How is it possible to make a television series about Arthurian Legend and get it so wrong? I guess in the same way that they screwed up the Pre-Raphaelites, but surely the stories of King Arthur and the Knights are fool-proof. Hell, even Excalibur is good for a giggle.
And they had James Purefoy.
But here we are. Mr Purefoy got bumped off in the first episode and my interest level dropped like a stone. Yes, I am shallow, I regret nothing.
However, the real shame is that Eva Green seems to be under the illusion that everyone is working as hard as her, bringing forth a thoroughly barking mad Morgan Le Fay, upstaging everyone else as she swans about in pretty much nothing but a lot of eye-make up.
She is chewing the scenery, well done Eva. Mind you, I have always like Morgan Le Fay, she is a complicated figure in Arthurian legend, and the source for some fabulous Pre-Raphaelite art.
|Morgan Le Fay (1864) Frederick Sandys|
Take Sandys depiction of Morgan Le Fay, which has to be the best know, if only for the leopard skin. You can see the Rossetti influence here but I doubt DGR would have taken such a sweeping view of the scene which contains so many bits and bobs you feel she should spend less time in sorcery and more time tidying up. Blimey, I sound like my mother.
Morgan Le Fay represented a wilful, powerful femme fatale, out to seduce and murder her way through Arthurian England, and Sandys depiction of her was described as ‘beauty prostituted to malicious and lustful cruelty’. Blimey, that’s a bit strong, but hanging around in a leopard skin will get you a bad reputation.
It never used to be like this. Morgan started life in Geoffrey of Monmouth’s Vita Merlini, where she was a healer and shape-shifter. Even Chrétien de Troyes, who established her as Arthur’s half-sister and rival, emphasised her healing power. She was one of nine sisters, all magical, and Morgan is often described as the ruler of Avalon and one of the maidens who travelled with Arthur back to her isle at the end of his life. Later romances began to elaborate on her more wicked adventures, taking lovers to enable her to kill Arthur and steal Excalibur.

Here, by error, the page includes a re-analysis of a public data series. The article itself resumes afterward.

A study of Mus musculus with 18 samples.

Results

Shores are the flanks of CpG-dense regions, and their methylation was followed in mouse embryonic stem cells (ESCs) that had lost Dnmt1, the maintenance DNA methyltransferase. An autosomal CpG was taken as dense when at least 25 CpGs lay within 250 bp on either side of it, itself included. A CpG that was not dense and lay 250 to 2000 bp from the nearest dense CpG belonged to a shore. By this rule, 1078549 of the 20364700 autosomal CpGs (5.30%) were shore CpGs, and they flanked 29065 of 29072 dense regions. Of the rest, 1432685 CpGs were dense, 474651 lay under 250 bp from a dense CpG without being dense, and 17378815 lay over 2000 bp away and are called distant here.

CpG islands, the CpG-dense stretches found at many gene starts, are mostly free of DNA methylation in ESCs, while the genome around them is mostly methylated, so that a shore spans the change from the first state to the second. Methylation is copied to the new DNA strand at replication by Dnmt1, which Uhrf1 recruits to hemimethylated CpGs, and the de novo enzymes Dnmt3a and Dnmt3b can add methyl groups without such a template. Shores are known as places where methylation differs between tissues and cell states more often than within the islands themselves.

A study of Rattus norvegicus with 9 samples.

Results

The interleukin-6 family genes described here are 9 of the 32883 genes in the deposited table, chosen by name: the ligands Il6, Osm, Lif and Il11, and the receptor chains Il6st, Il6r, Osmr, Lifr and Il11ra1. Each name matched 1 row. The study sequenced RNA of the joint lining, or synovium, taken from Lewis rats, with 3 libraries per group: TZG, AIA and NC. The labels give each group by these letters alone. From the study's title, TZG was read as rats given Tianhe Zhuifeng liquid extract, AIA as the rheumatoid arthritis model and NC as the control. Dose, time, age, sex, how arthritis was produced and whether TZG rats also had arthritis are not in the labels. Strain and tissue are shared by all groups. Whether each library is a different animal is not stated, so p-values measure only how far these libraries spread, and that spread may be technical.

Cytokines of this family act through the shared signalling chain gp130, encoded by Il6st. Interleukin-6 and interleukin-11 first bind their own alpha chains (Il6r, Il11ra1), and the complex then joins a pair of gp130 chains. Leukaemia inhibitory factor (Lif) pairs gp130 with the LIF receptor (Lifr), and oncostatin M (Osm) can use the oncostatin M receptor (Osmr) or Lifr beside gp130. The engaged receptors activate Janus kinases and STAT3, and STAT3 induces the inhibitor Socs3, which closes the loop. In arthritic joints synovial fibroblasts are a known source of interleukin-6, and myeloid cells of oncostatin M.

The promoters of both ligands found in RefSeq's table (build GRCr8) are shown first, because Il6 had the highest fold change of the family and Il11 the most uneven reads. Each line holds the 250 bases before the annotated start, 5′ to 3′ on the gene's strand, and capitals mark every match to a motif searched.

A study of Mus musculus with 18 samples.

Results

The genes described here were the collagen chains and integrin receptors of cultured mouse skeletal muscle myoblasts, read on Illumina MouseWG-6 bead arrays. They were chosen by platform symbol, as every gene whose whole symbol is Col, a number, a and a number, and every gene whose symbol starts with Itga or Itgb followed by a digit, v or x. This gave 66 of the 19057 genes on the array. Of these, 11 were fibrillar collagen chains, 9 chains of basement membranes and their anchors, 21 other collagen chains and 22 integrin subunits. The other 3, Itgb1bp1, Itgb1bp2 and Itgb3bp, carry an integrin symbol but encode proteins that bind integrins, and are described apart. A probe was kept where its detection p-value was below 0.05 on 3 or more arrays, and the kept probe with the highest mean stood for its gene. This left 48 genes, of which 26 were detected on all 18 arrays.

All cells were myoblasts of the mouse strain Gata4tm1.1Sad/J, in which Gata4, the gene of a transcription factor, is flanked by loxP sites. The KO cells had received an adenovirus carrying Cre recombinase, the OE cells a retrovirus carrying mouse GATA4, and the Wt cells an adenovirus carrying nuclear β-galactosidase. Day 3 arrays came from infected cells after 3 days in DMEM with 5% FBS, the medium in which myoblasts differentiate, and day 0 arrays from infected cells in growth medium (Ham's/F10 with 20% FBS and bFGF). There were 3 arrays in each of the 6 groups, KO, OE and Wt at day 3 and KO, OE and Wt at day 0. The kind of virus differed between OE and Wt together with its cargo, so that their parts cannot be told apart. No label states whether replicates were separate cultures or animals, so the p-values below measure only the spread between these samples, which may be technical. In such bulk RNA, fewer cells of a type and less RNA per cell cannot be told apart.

|Morgan Le Fay John Raddam Spencer Stanhope|
Spencer Stanhope does quite well at giving us a woman of dubious mental stability and virtue. Her coils of hair, which seem to have a life of their own, possibly recall Medusa or Lilith, rather than the classical women her pose seems to echo. Compared to Sandys proactively evil sorceress, Stanhope’s woman is more like a force of nature, or possible the fairy her name suggests. There is nothing exotic about her, no leopard skins and knick-knacks, just earth coloured clothes and flowers.
|Morgan Le Fay (1862) Edward Burne Jones|
A further step along this road is Burne-Jones’ Morgan-le-Fay. I didn’t even take the image for a femme fatale as she looks so innocent, which only goes to show how long I’d last in Arthurian England. However innocent she appears, she toys with a sprig of poisonous daphne, hinting at her true nature.
Luckily for contemporary viewers, we don’t need to be wary of an innocent maiden with a penchant for poisonous herbs. Camelot alerts us by way of eyeliner misuse and leather, not to mention liberal nudity that this lass is bad to the bone. Much like the Victorians, it seems that we cannot stand for ambiguity in our female characters, so she is damned to be the ultimate jealous sibling for the rest of her days. How about The Defence of Morgan, anyone?